By John Johnson
BassFan Senior Editor
Brent Chapman's 13-point lead in the Toyota Tundra B.A.S.S. Angler of the Year (AOY) race heading into the final Elite Series event at Oneida next month means the Kansan can nail down the points title with a finish of 13th or better. That's something he's achieved four times this season.
He's never logged such a high placement in four visits to the New York venue named after the Native American tribe that once occupied the region, though – not even close. His best was a 38th in 2007.
The lake might be the same fishery it was the last time the Elites went there 3 years ago, but the 40-year-old is not the same fisherman. He's about to wrap up his best pro campaign and he'll go north with the confidence that he can do what's necessary to lock up the title on his own.
"I've definitely started thinking about Oneida and strategizing for it," he said. "The few times I've been there I've had kind of mixed results, and I think to do better I need to have a more focused strategy. In the past I think I've tried to do too much.
"That can be a problem, because that's a place where you can catch fish a lot of different ways."
Aspires to Higher Level
Chapman has finished 27th or better in six of seven Elite events this year, and that ledger includes a win at Toledo Bend (his first on the circuit) and three other Top-5s. Even if he doesn't win the AOY, 2012 will still go down as a watershed season.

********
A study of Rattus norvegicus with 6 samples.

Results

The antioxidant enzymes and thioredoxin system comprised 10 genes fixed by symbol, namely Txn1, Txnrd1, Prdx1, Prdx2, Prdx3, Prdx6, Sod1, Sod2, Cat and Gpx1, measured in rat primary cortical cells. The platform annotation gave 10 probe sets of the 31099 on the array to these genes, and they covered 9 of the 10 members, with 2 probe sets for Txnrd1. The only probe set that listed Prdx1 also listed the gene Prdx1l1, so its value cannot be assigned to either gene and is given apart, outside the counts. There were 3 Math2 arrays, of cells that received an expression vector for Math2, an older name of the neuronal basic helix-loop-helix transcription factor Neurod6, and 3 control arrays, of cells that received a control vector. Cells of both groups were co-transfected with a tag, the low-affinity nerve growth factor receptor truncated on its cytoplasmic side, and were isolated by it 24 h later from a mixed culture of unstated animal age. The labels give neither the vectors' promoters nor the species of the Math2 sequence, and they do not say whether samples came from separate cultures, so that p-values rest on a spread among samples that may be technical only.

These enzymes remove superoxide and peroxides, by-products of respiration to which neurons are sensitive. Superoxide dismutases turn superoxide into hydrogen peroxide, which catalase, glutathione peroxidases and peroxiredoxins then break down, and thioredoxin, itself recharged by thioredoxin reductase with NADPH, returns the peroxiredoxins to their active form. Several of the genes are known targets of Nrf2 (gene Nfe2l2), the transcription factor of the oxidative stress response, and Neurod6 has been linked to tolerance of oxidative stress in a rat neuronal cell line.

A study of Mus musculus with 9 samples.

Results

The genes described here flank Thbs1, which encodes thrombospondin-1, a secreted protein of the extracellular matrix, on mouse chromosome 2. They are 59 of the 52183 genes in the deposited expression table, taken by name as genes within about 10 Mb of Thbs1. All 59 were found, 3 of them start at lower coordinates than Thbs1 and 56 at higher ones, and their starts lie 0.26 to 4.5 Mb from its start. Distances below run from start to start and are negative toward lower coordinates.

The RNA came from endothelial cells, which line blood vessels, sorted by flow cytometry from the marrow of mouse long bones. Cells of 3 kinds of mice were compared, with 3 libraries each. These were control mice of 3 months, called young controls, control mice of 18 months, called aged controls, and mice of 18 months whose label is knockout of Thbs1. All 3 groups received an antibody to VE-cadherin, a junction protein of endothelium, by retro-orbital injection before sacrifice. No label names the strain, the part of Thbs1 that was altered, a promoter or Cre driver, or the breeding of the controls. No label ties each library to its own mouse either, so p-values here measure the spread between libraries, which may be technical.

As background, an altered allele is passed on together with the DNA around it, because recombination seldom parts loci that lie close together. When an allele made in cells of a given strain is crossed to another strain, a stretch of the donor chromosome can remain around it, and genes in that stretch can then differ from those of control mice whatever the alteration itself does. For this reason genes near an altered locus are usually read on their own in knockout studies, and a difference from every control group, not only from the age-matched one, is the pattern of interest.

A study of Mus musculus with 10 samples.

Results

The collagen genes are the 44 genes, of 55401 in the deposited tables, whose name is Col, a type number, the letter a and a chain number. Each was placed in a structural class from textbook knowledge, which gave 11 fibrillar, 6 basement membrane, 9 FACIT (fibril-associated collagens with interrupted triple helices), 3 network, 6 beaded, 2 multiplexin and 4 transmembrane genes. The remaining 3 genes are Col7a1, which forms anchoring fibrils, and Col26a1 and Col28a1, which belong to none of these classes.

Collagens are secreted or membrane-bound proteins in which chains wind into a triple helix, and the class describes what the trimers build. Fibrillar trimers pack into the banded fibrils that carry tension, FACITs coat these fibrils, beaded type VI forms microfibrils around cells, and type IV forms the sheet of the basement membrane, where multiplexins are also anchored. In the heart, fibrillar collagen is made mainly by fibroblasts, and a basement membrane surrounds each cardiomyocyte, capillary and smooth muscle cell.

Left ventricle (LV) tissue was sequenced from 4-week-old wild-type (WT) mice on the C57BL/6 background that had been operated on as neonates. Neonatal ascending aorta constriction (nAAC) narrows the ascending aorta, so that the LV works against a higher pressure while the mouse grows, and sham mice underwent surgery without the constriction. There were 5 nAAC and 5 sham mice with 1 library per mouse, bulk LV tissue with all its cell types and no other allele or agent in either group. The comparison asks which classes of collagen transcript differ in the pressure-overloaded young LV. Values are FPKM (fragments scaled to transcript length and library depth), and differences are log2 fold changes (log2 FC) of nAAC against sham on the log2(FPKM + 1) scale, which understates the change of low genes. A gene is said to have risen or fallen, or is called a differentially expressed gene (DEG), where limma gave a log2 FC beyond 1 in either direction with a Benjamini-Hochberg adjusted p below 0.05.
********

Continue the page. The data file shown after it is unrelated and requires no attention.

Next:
His season got its impetus way back in early February – a full month before the Elite schedule got under way in Florida. His victory at the Lewisville Central Open (which required a half-day fish-off to break a tie for 1st place) secured him an early berth in the 2013 Classic and allowed him to fish more intuitively through the Elite schedule than his conservative nature had previously allowed.
One more single-digit finish (or even one in the ball park) will give him the title that pro anglers covet the most. He badly wants to snatch it because he doesn't know when – or even if – he'll be in such a prime position again.
"Winning the Angler of the Year is life-changing and career-changing, and unless your name is Kevin VanDam, you don't get that many chances at it," he said. "I hope to have more in the future, but an opportunity like this, I'd hate to mess it up.
"It really secures your place in the sport. It puts you in a whole different level of anglers – in a smaller, more elite group."
No Fear of Pressure
Chapman said the pressure of carrying the AOY lead into the final event could end up being more of a help than a hindrance. He's logged peak performances under its influence before – one example is the 2000 Red River Central Open, where he needed a Top 5 to make the Classic and ended up winning the event.
"I'll put pressure on myself to go out and do what I need to do in order to achieve a strong finish," he said. "When you look at past tournaments up there, it's usually taken 16 pounds a day to win and 15 or 14 1/2 to make the Top 12, so that gives me an idea of what I'm going to need.
"My intentions will be to catch 15 pounds a day, with the idea that if I do that, nobody can catch me."
After he fulfills his obligations at the ICAST show this week in Orlando, Fla., he'll head to Oneida for 3 or 4 days of pre-practice. He normally doesn't make preliminary excursions to venues he's been to on multiple occasions, but there's more at stake for this event and he wants to lay as much groundwork as possible.
"It's not a very big lake (21 miles long and 5 miles wide), but you're fishing for two species and there's usually multiple patterns going on, and because of that I think there's been times in the past when I've spread myself too thin. I want to have a solid gameplan when I go back for the 3 days of official practice, and I think fishing for a few days beforehand will help me do that.
"If I can go and finish in the Top 12, it won't matter what anybody else does. If I can do what I need to do, then I don't have to worry about anybody else."